Calculating Timber Panel Walls | 1. Determining the Ultimate Limit State and Stiffness

    The stiffening of timber structures is usually carried out by means of timber panels. For this purpose, structural components consisting of slabs (chipboards, OSB) are connected with members. Several articles will describe the basics of this construction method and the calculation in the RFEM program. This first article describes the basic determination of the stiffnesses as well as the calculation.

  2. Structural System and Cross-Section Dimension According to [1]

    Modeling of Semi-Rigid Composite Beam Made of Timber as Surface Model

    There are several options to calculate a semi-rigid composite beam. They differ primarily in the type of modeling. Whereas the Gamma method ensures a simple modeling, additional efforts are required when using other methods (e.g. shear analogy) for the modeling which are, however, offset by the much more flexible application compared to the Gamma method.
  3. Figure 01 - Structural System

    Forces by Screw in Main-Connected Beam Joint

    RF-/JOINTS Timber - Timber to Timber allows you to design main-connected beam joints. This article explains the determination of forces in screws of a beam connected to a torsionally rigid main beam.

  4. Local Effects Relating to Load Introduction

    Stability Analysis of Two-Dimensional Structural Components on Example of Cross-Laminated Timber Wall 3

    This article explains the alternative to the equivalent member method. It offers the option to determine internal forces of the wall susceptible to buckling according to the second-order analysis considering the imperfections and to subsequently perform the cross-section design for bending and compression.

  5. Figure 01 - Structure of Layers with Stiffness and Strength Properties for Stora Enso CLT 100 C5s

    Stability Analysis of Two-Dimensional Structural Components on Example of Cross-Laminated Timber Wall 2

    The following article describes design using the equivalent member method according to [1] Section 6.3.2, performed on the example of cross-laminated timber wall susceptible to buckling described in Part 1 of this article series. The buckling analysis will be performed as a compressive stress analysis with reduced compressive strength. For this, the instability factor kc is determined, which depends primarily on the component slenderness and the support type.

  6. Figure 01 - Cross-Laminated Timber Wall with Openings Subjected to Wall Stress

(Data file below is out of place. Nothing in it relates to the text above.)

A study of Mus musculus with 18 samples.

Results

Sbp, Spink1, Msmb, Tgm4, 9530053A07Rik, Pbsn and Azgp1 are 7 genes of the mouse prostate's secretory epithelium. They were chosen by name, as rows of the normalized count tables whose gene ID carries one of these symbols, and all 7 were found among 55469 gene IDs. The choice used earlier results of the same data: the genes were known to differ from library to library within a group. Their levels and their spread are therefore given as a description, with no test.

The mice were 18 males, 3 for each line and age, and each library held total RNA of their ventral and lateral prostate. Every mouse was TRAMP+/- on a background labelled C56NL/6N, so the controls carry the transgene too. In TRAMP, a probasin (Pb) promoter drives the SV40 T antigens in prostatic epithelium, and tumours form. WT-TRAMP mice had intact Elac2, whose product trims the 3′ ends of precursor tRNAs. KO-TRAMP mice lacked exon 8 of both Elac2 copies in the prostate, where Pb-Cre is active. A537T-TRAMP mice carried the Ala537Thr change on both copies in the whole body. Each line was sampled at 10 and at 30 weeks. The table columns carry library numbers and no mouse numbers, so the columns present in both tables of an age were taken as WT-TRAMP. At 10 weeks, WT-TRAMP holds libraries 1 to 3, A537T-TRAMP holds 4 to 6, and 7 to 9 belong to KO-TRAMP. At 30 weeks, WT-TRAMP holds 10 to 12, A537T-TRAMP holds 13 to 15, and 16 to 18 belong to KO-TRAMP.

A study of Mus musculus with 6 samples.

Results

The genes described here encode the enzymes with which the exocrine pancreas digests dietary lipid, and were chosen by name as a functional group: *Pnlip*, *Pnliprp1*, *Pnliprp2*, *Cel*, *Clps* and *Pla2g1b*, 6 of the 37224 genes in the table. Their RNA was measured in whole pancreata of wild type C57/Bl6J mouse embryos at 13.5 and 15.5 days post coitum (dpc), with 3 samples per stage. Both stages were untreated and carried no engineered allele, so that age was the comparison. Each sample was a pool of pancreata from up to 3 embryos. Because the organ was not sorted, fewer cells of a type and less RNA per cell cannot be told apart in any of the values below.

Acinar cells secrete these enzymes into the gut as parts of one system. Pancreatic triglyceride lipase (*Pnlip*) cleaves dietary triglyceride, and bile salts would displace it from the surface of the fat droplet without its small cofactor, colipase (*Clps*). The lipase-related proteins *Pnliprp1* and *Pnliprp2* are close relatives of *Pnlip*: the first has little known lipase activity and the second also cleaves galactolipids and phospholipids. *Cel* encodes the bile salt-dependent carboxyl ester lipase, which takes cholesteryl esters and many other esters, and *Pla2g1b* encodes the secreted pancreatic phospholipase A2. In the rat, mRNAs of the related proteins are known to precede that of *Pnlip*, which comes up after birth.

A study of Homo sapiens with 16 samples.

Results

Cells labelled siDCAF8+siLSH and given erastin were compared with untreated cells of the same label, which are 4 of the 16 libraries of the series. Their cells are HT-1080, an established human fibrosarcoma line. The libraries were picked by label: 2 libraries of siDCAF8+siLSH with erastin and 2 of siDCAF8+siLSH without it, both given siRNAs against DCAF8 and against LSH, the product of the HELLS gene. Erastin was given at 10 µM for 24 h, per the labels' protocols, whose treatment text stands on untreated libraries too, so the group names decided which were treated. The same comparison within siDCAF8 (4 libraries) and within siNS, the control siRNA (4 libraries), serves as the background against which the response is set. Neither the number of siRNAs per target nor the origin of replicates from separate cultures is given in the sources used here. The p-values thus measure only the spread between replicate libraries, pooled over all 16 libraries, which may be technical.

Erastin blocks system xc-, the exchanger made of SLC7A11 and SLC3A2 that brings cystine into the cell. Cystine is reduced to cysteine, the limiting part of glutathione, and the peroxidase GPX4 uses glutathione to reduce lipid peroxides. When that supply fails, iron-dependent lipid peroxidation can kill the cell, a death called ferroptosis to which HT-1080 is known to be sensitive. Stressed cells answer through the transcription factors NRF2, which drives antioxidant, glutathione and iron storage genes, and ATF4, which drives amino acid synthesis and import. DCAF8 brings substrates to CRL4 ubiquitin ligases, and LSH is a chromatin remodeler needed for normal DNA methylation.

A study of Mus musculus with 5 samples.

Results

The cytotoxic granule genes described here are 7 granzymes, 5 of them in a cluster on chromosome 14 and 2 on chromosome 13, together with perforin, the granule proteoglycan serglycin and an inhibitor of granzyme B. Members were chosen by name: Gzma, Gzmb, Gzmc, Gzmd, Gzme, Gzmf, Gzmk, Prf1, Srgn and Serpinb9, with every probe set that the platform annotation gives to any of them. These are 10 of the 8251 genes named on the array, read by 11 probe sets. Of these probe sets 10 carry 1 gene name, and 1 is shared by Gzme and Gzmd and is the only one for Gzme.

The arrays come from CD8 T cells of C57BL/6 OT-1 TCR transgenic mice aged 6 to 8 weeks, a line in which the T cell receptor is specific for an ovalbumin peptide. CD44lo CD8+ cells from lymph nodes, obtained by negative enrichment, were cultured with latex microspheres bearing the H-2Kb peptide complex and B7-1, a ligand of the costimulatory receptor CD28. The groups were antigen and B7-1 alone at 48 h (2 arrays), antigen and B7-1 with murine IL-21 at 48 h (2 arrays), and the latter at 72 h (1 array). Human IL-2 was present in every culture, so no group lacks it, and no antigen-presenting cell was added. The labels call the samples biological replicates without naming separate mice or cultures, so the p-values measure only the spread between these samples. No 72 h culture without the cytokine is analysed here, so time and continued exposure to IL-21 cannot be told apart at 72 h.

Stability Analysis of Two-Dimensional Structural Components on Example of Cross-Laminated Timber Wall 1

    Basically, you can design structural components made of cross-laminated timber in the RF-LAMINATE add-on module. Since the design is a pure elastic stress analysis, it is necessary to additionally consider the stability issues (flexural buckling and lateral-torsional buckling).

  7. Tension Connections in RF-/JOINTS Timber - Steel to Timber

    Tension Connections in RF-/JOINTS Timber - Steel to Timber

    In the case of tension connections with cleats subjected to unilateral loading, the external members (side timber) are loaded by an additional bending moment due to the eccentric load distribution. However, this fact is not mentioned in EN 1995‑1‑1 and is considered in the National Annex to DIN EN 1995‑1‑1 by the reduction of the tensile strength. This reduction depends on the pull‑off strength of the fasteners.

  8. 1 - Beam with Torsional Restraints Subjected to Uniform Load (Source: [3])

    Torsion Design of Glulam Beams

    Long-span glued-laminated beams are usually supported by a reinforced concrete column with torsional restraints.

  9. Dlubal RFEM 5 & RSTAB 8 - "Simplified" Vibration Analysis for EC 5 in RF-/TIMBER Pro

    'Simplified' Vibration Analysis for EC 5

    In RF‑/TIMBER Pro, you can now also perform the vibration analysis known from DIN 1052 for the design according to EN 1995‑1‑1. In this analysis, the deflection under permanent and quasi-permanent action at the ideal one‑span beam may not exceed a limit value (6 mm according to DIN 1052).

  10. Dlubal RFEM 5 & RSTAB 8 - Example of "Simplified" Vibration Analysis for EC 5 in RF-/TIMBER Pro

    Example of 'Simplified' Vibration Analysis for EC 5

    In an earlier post, we looked at the possibility of satisfying the minimum frequency in RF‑/TIMBER Pro. In this post, we want to illustrate this topic by in an example.